Making a Foreign Country Feel Like Home
Lester Ng ‘93 contributes to the BioSci International Students Program (ISP) to help foreign students thrive in the U.S.
Lester Ng (‘93) clearly remembers the challenges of studying abroad. While in law school, he found himself struggling to acclimate to the language and culture during a semester in Hong Kong.
“While the program was good educationally, basically the program dumped you in a foreign land and left you to fend for yourself,” Lester said. “When you’re on the other side of the planet, it can be very challenging trying to just figure out how to take care of your basic needs. It can exact a heavy toll on the student and leave quite an empty hole emotionally.”
The experience in Hong Kong left a lasting impact on him. When the time came to invest in making experiences better for students abroad, Lester looked homeward.
“Perhaps it was a chance event; perhaps it was fate,” Lester said. “I see out of the blue a message from UCI asking if I was thinking about charitable giving and if so, would I consider UCI.”
He picked up the phone and made a call to Roland Ho in the Office of Planned Giving. Lester agreed to take a campus tour.
“Roland not only gave me a thorough explanation of various options, but also ended up taking me down memory lane. I was thinking of what UCI did for me and how it helped shape my future.”
The tour made a stop at the School of Biological Sciences, where Lester started reflecting on the challenges of studying abroad with Carolyn Willman, the School’s Director of Student Affairs. That’s when he learned about the International Student Program, which offers an orientation program for students coming from outside the United States, a full-time international student advisor, and student peer advisors.
“I was very impressed that UCI was working hard to ensure that students studying here could spend their time studying, rather than expending time and energy just trying to find the necessities to survive,” he said.
Under the guidance of Sherry Ong, students from abroad are assisted from the moment that they are admitted. Students are helped through challenges ranging from the process of getting foreign schools to comply with UC Irvine’s final transcript policies to getting around campus. And though Sherry is officially an academic advisor, offering suggestions on building class schedules and helping shape research programs, she often finds herself talking students through moments that those raised in the United States would take for granted.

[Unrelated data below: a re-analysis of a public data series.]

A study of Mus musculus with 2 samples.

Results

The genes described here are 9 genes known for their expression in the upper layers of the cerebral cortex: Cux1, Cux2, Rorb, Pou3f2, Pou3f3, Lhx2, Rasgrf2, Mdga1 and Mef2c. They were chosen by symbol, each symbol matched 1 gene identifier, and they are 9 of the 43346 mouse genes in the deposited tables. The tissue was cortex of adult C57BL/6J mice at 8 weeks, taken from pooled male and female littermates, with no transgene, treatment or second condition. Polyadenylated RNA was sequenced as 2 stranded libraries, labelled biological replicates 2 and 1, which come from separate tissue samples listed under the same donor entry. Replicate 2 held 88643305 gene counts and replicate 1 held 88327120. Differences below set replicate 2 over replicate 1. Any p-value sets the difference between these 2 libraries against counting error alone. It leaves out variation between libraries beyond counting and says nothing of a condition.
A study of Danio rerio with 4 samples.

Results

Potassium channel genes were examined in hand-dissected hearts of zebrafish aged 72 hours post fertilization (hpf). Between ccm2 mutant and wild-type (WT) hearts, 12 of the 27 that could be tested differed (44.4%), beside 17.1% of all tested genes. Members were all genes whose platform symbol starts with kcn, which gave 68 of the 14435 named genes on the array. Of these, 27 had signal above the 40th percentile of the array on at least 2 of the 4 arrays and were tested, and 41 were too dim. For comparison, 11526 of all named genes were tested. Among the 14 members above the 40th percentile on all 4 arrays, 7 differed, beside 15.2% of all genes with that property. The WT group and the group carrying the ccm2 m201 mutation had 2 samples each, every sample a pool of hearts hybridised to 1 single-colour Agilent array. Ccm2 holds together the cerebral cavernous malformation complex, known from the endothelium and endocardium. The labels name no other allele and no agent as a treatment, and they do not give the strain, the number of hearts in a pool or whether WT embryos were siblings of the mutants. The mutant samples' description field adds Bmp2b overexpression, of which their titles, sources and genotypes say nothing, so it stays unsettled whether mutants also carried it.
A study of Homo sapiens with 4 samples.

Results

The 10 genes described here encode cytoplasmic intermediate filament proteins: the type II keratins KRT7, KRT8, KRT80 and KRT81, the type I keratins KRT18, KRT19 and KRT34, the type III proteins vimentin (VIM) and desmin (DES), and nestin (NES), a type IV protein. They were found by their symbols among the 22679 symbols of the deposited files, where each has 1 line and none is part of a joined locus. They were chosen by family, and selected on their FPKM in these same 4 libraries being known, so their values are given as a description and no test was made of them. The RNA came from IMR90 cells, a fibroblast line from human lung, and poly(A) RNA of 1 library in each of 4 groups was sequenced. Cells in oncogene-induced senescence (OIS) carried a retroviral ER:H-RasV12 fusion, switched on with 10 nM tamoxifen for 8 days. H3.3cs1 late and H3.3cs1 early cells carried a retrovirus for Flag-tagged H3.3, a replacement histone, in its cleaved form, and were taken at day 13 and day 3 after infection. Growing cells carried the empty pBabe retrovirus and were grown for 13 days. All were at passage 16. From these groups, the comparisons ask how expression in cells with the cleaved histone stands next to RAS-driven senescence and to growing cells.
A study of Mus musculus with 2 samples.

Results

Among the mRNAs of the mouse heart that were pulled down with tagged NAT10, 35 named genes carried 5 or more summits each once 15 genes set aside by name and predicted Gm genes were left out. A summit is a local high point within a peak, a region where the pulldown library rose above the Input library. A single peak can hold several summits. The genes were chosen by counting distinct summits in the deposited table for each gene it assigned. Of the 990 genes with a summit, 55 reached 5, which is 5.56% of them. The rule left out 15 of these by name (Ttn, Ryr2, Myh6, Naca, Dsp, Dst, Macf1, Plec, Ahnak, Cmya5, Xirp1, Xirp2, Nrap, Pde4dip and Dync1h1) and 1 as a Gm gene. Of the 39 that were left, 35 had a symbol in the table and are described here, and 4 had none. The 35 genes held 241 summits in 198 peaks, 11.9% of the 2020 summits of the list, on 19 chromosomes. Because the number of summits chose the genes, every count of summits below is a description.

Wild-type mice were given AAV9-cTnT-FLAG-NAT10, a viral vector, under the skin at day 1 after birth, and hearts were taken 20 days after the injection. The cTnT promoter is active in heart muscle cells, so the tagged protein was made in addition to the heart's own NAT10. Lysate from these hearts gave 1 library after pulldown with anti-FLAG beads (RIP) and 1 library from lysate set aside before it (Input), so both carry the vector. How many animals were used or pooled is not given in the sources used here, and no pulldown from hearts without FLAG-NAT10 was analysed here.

“I got a call a few days ago from a student who said her dishwasher was broken,” Ong said. “She said, ‘There are bubbles everywhere and I’m mopping them up!’ I asked her what kind of soap she used, and had to talk her through the problem that even though the dishwasher says it can be used with all dish detergents, the kind she uses in the sink can’t work in the dishwasher.”
Ong was raised in China and moved to the United States when she was ten years old. The experience she had acclimating to her new home and her own undergraduate experience at UC Irvine prove useful each day—nearly 80% of the School of Biological Sciences’ international students come from mainland China. She relays these experiences daily through email, the Chinese social networking program QQ, office visits and the occasional frantic phone call.
Lester was inspired by her efforts to make a $25,000 contribution for the advancement of the program, and has been working to bring ISP to the attention of friends, colleagues and fellow alumni. He is also developing a new type of relationship with UC Irvine—as a member of the donor community fully engaged with UCI staff.
“Here at UC Irvine, I find staff to be not only knowledgeable, but to be truly concerned with what is needed, both for the student body as well as the individual students,” he said. “UCI was one of the few places where I felt they were genuinely interested in not just providing service for their own benefit. Even when it seemed like I might not contribute, they went out of their way to help me.”
As his relationship develops with the School of Biological Sciences and UC Irvine, Lester says he sees a bright future for his alma mater.
“Should UCI continue to adapt to the new trends and overcome the challenges of the future, I believe it will be a true leader in not only research as they bring their concepts worldwide, but in educating the students to prepare them for moving society forward, worldwide,” he said.
Thanks to his support, students from around the world can quickly get to the work of moving society forward.
If you are interested in supporting Bio Sci student programs, please contact Andrew DiNuzzo.